I’m happy to announce the launch of the Hip-Hop Radio Archive.
The Hip-Hop Radio Archive’s goal is to preserve and share hip-hop radio from the 1980s and 1990s. Whether the show was legendary or from a small college with few listeners, whether it was broadcasting the first sounds of hip-hop from New York City or introducing Eastern European audiences to the music, it’s all important and should be preserved.
Pre-internet, radio was one of the most powerful methods of spreading hip-hop culture to the heads that wanted to hear it. Tapes were made of legendary New York City shows like Mr. Magic’s Rap Attack and Marley Marl’s In Control and then traded around the city and the country, introducing hip-hop fans to artists and songs they’d never heard before. Even as hip-hop’s popularity grew exponentially in the late 1980s and national video shows like Yo! MTV Raps hit the airwaves, regional radio shows popped up around the country gave voice to artists that would never make a video for mainstream audiences. In the 1990s, radio became the proving ground for lyricists looking to show themselves worthy of respect. If you had a wack on-air appearance, it was going to be tough to recover.
My own introduction to hip-hop radio came first through Lady B on Power 99 in Philadelphia one night in 1986 when I heard them playing Eric B. & Rakim’s “My Melody.” I recorded the occasional song off of the radio, but it wasn’t until the early 1990s when Club Krush (later known as Raw Deal) on Princeton University’s WPRB that I started to record entire episodes obsessively. If it wasn’t for these shows, I may never have been introduced to the Poor Righteous Teachers, the Funk Family, Tony D, and Almighty & KD Ranks.
Despite radio’s ephemeral nature, thankfully a lot of tapes of shows have survived. Collectors have dug them out of closets and posted them to forums, music blogs, YouTube, and Mixcloud. They’ve tagged them, traded them, and unearthed more. Unfortunately, the storage of these gems is, at best, tenuous. File sharing sites like Megaupload have disappeared without any notice, taking terabytes of music history down with them. Soundcloud came very close to shutting down a few months back. In truth, any commercial storage site is risky to count on for long-term preservation of files. Additionally, with all this great content, there’s no single place to easily browse, learn, and explore.
The Hip-Hop Radio Archive doesn't aim to compete with any existing sites, but to supplement them. The HHRA exists to help tape collectors get their collection onto the Internet Archive for safer long-term storage. It exists to help former college radio DJs share their unknown hip-hop show with a new audience, right alongside classic shows. And it exists to help bring attention to existing sites and collections already housing deep hip-hop history.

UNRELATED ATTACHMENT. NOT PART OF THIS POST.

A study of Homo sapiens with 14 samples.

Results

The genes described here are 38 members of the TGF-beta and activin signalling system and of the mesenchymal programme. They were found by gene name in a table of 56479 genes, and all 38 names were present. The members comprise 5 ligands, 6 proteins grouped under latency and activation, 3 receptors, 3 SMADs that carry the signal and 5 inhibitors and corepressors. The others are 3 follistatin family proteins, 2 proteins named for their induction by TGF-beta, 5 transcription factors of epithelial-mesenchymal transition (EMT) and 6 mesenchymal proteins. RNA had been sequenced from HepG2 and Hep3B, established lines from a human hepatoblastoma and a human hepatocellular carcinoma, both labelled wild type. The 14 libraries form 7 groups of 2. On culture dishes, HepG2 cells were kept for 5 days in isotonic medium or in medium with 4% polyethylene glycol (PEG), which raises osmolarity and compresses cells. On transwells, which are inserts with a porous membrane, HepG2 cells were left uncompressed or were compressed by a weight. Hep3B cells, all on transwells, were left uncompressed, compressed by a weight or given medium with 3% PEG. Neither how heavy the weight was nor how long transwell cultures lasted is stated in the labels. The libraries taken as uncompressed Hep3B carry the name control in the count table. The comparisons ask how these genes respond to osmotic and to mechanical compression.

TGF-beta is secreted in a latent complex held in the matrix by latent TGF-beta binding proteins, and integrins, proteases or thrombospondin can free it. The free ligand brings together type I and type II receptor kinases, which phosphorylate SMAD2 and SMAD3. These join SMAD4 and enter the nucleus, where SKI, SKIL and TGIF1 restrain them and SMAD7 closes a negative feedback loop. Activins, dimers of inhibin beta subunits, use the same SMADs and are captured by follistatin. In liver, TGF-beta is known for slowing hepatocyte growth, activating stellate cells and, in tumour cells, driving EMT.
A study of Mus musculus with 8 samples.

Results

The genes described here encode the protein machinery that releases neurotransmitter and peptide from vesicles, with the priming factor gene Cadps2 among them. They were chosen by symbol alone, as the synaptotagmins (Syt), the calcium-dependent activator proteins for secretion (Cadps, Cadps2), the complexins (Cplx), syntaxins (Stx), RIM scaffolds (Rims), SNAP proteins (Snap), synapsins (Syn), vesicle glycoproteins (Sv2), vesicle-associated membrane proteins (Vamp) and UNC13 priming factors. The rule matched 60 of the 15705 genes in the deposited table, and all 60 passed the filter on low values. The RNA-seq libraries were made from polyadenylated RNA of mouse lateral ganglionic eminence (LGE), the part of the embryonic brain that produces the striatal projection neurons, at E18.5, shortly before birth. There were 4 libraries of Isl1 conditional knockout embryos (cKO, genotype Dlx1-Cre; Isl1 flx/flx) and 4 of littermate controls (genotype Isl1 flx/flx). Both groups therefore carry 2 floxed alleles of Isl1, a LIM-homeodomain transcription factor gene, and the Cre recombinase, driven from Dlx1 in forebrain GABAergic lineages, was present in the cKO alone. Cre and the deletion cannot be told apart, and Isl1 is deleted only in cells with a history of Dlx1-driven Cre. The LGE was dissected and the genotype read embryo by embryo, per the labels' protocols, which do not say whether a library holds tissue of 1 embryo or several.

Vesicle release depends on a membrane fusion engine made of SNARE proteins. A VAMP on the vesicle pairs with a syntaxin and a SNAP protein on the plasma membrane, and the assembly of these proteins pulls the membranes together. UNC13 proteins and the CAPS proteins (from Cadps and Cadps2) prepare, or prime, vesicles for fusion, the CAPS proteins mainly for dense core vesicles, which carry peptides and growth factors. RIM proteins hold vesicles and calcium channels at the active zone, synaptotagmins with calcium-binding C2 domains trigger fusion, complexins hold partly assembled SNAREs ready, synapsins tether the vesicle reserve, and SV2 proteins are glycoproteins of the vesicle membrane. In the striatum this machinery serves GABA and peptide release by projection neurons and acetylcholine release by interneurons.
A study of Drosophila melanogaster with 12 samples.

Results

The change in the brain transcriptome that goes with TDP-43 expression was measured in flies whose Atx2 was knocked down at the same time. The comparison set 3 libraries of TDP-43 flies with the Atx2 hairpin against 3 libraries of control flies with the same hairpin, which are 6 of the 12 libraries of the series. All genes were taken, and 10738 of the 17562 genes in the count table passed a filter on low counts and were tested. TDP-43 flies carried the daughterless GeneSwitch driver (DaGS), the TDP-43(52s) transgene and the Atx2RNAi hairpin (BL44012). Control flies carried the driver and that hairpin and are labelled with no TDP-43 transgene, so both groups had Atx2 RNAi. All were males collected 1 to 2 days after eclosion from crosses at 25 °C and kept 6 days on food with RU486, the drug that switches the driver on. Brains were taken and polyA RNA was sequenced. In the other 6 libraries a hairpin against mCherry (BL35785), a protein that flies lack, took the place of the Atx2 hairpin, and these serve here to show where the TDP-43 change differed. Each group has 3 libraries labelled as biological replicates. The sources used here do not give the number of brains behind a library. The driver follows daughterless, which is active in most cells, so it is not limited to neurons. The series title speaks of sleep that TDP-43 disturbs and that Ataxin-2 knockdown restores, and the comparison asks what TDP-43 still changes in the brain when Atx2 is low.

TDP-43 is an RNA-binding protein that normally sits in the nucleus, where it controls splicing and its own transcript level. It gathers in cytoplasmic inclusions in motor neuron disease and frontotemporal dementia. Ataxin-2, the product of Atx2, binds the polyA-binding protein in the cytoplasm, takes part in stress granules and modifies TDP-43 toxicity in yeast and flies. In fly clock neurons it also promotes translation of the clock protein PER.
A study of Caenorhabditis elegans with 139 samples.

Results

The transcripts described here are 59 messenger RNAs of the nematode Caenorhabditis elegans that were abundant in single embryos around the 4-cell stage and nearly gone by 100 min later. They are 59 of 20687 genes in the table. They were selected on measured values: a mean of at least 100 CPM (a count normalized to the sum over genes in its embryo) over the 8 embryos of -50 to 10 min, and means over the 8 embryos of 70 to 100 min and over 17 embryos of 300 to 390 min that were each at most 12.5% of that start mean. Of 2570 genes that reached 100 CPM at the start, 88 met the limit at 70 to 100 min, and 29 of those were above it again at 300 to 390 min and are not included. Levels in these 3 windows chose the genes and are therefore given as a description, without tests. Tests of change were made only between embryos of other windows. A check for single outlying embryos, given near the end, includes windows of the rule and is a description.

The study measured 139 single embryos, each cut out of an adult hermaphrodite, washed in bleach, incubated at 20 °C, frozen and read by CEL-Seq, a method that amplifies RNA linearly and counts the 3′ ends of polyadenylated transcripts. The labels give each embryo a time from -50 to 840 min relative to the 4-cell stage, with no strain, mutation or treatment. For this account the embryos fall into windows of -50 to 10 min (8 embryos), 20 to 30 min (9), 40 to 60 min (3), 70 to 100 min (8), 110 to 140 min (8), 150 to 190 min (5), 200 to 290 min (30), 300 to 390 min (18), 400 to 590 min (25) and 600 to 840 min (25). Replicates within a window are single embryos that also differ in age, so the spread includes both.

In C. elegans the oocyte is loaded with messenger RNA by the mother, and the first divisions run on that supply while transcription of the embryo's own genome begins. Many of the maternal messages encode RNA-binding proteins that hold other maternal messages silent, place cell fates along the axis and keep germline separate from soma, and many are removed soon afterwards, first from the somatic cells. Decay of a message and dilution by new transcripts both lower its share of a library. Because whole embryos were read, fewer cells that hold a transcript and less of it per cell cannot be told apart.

A Brief Intro to the HHRA
Right from the front page, you can explore by show, location, college, or station with the option to filter by date.
Let’s say you want to see the episodes from June 1991 of Raw Deal. You get a brief history of the show as well as set of three random albums that were released that month.
Once you click through a show, you get a nice view of the episode with a stream right at the top (in most cases):
The sidebar provides context for what was happening in hip-hop at the time and let’s you explore other shows from around the same period:
The site is straightforward, so it’s best to just jump in. Explore, listen, and immerse yourself in the world of early hip-hop radio.
Yes, the Hip-Hop Radio Archive has just launched, but thoughts have already started to drift to the future. Things like a podcast of audio interviews with former hosts, collaboration with official archives, and things of that nature are on my mind, but first and foremost is the content.
The big challenge with an effort like this is, of course, getting the shows. If you’ve got a collection or used to host a show, let’s talk! Did you have a show on the radio that you’ve been looking to save and share? Have a web site where you’ve been posting links to your digitized audio on file sharing sites for years? Are you an existing archive that includes hip-hop radio? Hit me up.
Even if you don’t have tapes to contribute, you can still help out by submitting extra information about a given episode such as featured guests, names of the DJs, or track listings. The bottom of each episode has an e-mail link where you can submit updates.
In the meantime, time travel by firing up some classic episode and getting geeked for the world premiere of a song that came out 25 years ago.